How much time am I getting?”
“How are the feds coming up with this amount of jail time?”
“What are criminal history categories?”
If you have been convicted of a federal crime, these are the questions you may be asking yourself when trying to figure out what kind of a prison sentence you’re facing. In every federal criminal case, a convicted defendant will face the Federal Sentencing Table to determine how much time they will serve for their crimes. However, unlike state sentencing regulations, the Federal Sentencing Table is extremely complicated to understand and very difficult to navigate without the help of an attorney.
Introduction: The Federal Sentencing Table
The Federal Sentencing Table is a numerical chart that provides ranges of recommended prison time for any given federal offense. However, before a defendant looks at the table, they must first determine their offense level to use the table accurately. In any federal criminal case, a defendant will have an offense level calculated by the US Crimes and Criminal Procedure Handbook, which determines what crime corresponds with the proper offense level. For example, John Smith is found guilty of smuggling cocaine into the United States and is subsequently given a base offense level of 28. From there, Mr. Smith can start to look at the Federal Sentencing Table to estimate what kind of time he is looking at.
Complexity of the Guidelines
While it could be easy to assume that Mr. Smith could look at the Federal Sentencing Table, go to level 28, and instantly see what amount of time he is getting, unfortunately, it is not that simple. There are dozens of factors that come into play regarding the table and a defendant’s sentencing hearing itself that could INCREASE or DECREASE Mr. Smith’s determined sentence, including but not limited to: criminal history category, mitigating or aggravating circumstances, acceptance of responsibility, and more.
Mr. Smith could have guessed that he would be serving 78-97 months on a category 1 history. However, he forgot that he was penalized with a gang enhancement which yields a plus 2 to his sentence. Further, he did not consider his prior history category is actually a category 3. So Mr. Smith’s actual sentence is between 121-151 months, almost double of what his first guess was! With so many various complexities that alter a defendant’s offense level in every federal criminal case, the Federal Sentencing Table becomes immeasurably difficult to navigate and understand without the consultation of an attorney.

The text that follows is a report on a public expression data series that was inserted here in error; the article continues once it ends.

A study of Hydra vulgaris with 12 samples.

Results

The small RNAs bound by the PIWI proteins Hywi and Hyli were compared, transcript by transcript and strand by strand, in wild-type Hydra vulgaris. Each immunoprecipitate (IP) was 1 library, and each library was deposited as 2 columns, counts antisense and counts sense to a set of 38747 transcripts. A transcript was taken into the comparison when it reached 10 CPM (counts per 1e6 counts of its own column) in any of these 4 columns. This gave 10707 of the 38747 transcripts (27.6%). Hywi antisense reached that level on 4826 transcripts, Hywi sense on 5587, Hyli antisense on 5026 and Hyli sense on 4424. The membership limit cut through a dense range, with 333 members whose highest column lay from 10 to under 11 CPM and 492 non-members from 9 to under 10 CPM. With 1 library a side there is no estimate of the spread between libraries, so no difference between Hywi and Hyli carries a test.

How an Experienced Attorney can Help
Having an experienced federal criminal attorney in your federal case is absolutely crucial to reducing your sentence against government prosecutors. An experienced federal attorney can assist you to understand the Federal Sentencing Table and work relentlessly at your sentencing hearing to get you as little time as possible. She can inform you of what factors in your case are causing your sentence to go up, and what she is going to argue in front of the court to get your sentence to come down, lower than you ever thought possible. Most importantly, she will explain to you the critical mitigating factors that YOU are entitled to, which will lower your offense level by at least 4 points! Without the help of an experienced federal criminal attorney, a defendant will go to a sentencing hearing blind and not understand why they are serving a despicable amount of time and be locked away for longer than they should have.
WHERE IS MY ATTORNEY?
Karren Kenney is the founding attorney of Kenney Legal Defense Corporation who has been practicing law for over 20 years and has tried over 70 jury trials. She completely understands the Federal Sentencing Table and how to get YOU the least amount of time possible in any federal criminal case. If YOU or someone you know needs help in fighting ANY federal crime, contact Ms. Kenney personally at (855) 505-5588 or at https://www.kenneylegaldefense.us/criminal-defense-services-practice-areas/federal-offenses/ to defend your case today!